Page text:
Is a Hot Object Heavier Than a Cold One?

This question originally appeared on Quora.

Yes. If you have absolutely identical objects that have the same weight exactly when they are at the same temperature, then when one object is heated, it will weigh more. This is because the gravitational force depends on the stress energy tensor in general relativity. The stress energy tensor 00 component is the total energy of the body, which includes the rest mass plus the kinetic energy of the object. Temperature differences means that there is a different amount of kinetic energy in the motion of the atoms of the two bodies.

For example, if you start with two identical kilograms of water at 0 Celsius, and if you then heat one of them to 100 Celsius, then the kilogram at 100 Celsius would be heavier by an amount equivalent to 4.6 nanograms of additional water weight (see 100*1000 calories / c^2 ).

Now 4.6 nanograms is not very much, but it is equivalent to 154 trillion molecules of water (see 4.6 10^-9 gm water in molecules ). Just imagine - the energy used to heat the water is equivalent to the weight of 154 trillion additional water molecules if they could be converted completely into energy (remember E=mc^2)!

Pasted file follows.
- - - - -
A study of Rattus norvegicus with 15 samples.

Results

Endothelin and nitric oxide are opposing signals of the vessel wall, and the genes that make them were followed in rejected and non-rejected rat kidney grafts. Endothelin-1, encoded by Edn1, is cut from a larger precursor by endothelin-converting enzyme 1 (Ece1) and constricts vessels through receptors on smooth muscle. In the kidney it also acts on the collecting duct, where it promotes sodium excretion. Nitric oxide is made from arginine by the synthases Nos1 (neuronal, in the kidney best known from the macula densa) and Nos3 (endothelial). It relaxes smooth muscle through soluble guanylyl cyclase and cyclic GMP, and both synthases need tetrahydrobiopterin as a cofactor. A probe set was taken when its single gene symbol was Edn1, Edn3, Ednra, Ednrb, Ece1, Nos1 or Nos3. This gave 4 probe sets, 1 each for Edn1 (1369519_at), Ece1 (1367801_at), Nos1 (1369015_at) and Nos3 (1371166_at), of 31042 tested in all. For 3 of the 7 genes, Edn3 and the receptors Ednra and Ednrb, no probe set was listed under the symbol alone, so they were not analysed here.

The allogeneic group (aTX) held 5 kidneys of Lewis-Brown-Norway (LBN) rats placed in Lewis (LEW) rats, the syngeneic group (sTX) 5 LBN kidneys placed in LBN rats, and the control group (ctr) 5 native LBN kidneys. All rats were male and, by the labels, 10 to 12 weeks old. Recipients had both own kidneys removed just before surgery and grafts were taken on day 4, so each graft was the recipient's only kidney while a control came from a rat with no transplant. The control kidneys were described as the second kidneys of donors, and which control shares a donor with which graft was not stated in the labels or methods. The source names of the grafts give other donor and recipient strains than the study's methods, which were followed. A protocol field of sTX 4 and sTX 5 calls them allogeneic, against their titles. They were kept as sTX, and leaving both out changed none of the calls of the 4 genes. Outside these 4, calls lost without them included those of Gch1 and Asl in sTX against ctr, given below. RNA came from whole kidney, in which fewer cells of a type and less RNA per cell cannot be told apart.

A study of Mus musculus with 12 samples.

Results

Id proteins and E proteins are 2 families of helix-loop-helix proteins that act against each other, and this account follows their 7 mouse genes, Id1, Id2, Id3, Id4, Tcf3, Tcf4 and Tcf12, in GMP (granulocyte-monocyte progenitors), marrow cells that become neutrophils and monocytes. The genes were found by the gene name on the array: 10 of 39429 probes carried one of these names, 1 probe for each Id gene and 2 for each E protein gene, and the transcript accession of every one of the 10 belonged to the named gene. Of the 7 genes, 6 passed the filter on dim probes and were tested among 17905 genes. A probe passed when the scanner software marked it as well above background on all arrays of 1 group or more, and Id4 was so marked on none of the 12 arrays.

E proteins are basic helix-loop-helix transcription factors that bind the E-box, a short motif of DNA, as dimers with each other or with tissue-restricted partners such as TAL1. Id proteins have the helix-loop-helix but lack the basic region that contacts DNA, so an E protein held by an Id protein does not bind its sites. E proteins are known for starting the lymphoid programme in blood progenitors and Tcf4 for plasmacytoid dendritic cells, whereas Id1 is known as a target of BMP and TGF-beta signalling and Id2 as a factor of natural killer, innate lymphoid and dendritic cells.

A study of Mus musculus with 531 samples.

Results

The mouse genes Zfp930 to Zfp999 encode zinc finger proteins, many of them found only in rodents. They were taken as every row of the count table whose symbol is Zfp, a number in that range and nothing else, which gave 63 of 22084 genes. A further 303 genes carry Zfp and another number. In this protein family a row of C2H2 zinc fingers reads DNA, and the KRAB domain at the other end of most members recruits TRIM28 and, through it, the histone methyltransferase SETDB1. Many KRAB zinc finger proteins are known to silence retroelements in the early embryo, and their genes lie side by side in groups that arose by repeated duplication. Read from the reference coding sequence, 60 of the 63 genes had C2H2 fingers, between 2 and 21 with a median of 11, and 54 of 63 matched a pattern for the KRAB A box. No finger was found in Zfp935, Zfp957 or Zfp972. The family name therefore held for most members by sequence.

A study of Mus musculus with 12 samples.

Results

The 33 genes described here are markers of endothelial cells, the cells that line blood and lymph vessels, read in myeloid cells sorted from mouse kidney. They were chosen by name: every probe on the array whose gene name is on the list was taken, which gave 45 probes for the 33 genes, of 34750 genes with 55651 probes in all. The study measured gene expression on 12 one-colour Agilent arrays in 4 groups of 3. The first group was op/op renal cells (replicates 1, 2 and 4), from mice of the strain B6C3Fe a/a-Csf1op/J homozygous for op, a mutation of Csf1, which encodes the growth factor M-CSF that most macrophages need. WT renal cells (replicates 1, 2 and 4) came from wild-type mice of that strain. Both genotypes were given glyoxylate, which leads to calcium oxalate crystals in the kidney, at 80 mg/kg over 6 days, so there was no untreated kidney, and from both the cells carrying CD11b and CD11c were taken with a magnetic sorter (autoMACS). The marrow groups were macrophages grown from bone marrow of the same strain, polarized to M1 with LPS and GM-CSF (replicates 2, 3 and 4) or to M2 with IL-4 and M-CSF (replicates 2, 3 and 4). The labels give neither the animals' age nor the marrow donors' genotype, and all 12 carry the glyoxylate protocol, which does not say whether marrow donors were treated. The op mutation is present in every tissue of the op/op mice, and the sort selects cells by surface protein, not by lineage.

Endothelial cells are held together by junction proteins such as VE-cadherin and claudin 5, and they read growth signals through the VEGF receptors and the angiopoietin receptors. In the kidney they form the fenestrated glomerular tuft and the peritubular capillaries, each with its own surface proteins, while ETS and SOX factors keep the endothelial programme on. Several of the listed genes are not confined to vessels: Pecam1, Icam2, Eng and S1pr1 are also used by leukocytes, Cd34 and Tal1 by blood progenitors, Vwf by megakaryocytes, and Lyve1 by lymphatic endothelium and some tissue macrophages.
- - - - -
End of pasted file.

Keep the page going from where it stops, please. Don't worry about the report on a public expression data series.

This 4.6 nanograms weight difference is far too small to measure. For example, the most sensitive commercial balance I could find (at $26,000) can compare two weights up to 520 gm with an accuracy of about 0.01 mg - which is off by a factor of about 10,000 compared to what would be needed to measure this effect. So this is a purely theoretical effect which has not been experimentally measured at this level of precision, but there really isn't any doubt that this is what happens.

The heated water will expand compared to the colder water, so it will displace more of the air than the cold water, and the hot water will thus experience a buoyant force. I calculate this effect would make the hot water weigh 33 milligrams lighter than the cold water (see (100 celsius) * (coefficient of thermal expansion of water)*(1 liter) *(density of air)). So this totally swamps the effect of the heat adding 4.6 nanograms of weight to the hot water. To overcome this effect, the weighing would have to be done in a vacuum. Also both containers would have to be sealed so that no water evaporates - evaporation would totally swamp the effect.